Volvo unveils its first fully electric car — and a bold pledge to go carbon-neutral

Volvo unveils its first fully electric car — and a bold pledge to go carbon-neutral

Volvo promised it would release its first all-electric vehicle by 2019, and lo and behold, today’s the day. The Swedish company unveiled the all-electric XC40 Recharge at a splashy event in Los Angeles with a whole slew of futuristic features, including an infotainment system built on Google’s new embedded Android Automotive software.

Calling climate change “a real threat to our future,” Volvo CEO Håkan Samuelsson billed the XC40 as the first vehicle in a lineup of Recharge-branded EVs that will help the Swedish automaker achieve its plan to phase out gas-powered vehicles starting this year. Volvo must have the same reputation for sustainability as it does for safety, he added.

The car looks similar to the combustion engine XC40, just without the front grille. The car’s fully electric all-wheel drive powertrain offers a range of over 400 kilometers on a single charge based on Europe’s WLTP standard, or 200 miles in the US — though the automaker has yet to obtain an EPA rating. It will have an output of 408 horsepower (or 402 hp in US), and the battery charges to 80 percent of its capacity in 40 minutes on a fast-charger system.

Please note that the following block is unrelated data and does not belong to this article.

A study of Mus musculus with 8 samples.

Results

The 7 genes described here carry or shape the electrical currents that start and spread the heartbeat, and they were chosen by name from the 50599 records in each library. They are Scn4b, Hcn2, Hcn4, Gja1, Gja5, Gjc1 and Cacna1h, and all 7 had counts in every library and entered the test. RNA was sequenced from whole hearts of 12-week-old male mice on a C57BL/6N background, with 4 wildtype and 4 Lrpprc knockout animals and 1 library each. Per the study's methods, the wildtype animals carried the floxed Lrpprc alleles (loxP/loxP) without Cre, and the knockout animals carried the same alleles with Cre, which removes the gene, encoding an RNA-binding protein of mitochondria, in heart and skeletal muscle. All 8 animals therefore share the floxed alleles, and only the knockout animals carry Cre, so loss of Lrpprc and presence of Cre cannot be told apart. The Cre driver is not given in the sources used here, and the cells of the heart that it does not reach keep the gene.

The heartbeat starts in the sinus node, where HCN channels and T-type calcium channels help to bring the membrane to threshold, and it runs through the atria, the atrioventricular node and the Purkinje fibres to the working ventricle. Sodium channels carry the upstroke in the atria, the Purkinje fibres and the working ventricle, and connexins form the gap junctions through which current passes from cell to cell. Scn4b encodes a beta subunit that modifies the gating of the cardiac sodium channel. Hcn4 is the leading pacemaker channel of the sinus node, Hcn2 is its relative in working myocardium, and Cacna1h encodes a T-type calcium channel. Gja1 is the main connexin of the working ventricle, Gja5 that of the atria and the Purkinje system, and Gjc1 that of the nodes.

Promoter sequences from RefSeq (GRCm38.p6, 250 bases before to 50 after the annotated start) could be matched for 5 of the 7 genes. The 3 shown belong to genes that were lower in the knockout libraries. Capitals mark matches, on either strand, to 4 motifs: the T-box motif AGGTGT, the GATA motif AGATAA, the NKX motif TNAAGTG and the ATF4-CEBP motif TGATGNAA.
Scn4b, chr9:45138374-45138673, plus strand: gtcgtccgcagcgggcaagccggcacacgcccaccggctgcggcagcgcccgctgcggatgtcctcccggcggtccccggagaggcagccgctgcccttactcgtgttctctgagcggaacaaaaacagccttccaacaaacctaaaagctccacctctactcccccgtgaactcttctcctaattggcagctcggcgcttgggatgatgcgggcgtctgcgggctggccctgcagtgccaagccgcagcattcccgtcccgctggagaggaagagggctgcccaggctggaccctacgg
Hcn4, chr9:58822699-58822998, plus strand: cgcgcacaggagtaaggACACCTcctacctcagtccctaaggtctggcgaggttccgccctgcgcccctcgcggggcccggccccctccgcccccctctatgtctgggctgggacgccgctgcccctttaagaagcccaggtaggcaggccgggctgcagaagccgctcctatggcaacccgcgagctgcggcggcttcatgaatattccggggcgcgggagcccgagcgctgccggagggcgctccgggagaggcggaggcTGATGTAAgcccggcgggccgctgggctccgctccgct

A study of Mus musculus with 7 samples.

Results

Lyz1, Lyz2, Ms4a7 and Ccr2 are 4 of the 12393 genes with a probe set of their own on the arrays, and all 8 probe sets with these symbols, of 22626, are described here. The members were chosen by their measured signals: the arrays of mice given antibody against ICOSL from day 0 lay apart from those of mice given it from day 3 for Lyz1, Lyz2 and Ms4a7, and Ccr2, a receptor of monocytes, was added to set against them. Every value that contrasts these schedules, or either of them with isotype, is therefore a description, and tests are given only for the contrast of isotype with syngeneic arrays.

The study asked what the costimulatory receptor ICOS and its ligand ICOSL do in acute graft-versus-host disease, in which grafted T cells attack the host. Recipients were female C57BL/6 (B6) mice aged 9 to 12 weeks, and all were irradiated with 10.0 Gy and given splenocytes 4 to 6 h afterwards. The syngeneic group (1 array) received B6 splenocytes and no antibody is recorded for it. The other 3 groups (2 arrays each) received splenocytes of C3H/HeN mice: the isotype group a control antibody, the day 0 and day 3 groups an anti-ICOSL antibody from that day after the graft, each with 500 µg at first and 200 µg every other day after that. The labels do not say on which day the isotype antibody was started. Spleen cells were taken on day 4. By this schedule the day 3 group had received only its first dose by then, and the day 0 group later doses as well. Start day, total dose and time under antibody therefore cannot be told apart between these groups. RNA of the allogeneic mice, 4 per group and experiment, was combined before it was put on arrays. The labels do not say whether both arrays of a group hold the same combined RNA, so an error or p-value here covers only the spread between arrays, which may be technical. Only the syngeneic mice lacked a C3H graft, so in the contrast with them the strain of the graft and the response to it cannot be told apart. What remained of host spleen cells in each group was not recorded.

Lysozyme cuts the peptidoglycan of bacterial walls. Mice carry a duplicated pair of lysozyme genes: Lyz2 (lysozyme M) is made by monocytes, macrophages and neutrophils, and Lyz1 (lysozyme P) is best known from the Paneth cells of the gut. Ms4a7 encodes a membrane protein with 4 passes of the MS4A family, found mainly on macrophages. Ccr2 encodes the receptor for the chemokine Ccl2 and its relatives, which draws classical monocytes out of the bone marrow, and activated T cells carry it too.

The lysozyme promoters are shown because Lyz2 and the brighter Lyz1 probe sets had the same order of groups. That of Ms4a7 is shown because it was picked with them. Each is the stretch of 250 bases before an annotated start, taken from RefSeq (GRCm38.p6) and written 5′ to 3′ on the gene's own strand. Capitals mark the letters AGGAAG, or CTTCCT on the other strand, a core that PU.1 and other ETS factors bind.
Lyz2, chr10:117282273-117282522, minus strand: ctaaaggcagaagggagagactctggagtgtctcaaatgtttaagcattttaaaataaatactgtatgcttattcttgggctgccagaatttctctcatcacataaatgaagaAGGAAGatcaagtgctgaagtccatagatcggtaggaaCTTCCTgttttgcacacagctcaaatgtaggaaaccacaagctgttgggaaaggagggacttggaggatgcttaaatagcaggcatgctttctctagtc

Volvo did not release pricing at the event, though preorders for $1,000 are starting today. Volvo Car’s North American CEO Anders Gustafson has said the electric XC40 could come in at $50,000, or around $48,000 after incentives. Volvo says expects the XC40 Recharge to go on sale in the US in the fourth quarter of 2020. And Samuelsson said the car will also appear on the automaker’s Care By Volvo subscription plan, which has come under fire from the automaker’s network of dealers.

In addition to the car, Volvo also made a bold environmental pledge: half of its cars will be electric by 2025, and that it will slash the life-cycle carbon footprint on each car by 40 percent by the same year. The XC40 Recharge is the first vehicle for which Volvo is disclosing the life-cycle carbon footprint — effectively the CO2 emissions the car will produce during its life with both manufacturing and usage taken into account.

Moreover, Volvo will reduce the carbon output of its entire operations by 25 percent, including its suppliers, also by 2025. If everything goes according to plan, the amount of recycling and reuse of materials in Volvo’s supply chain will dramatically increase. By 2025, Volvo expects every vehicle to contain 25 percent recycled material.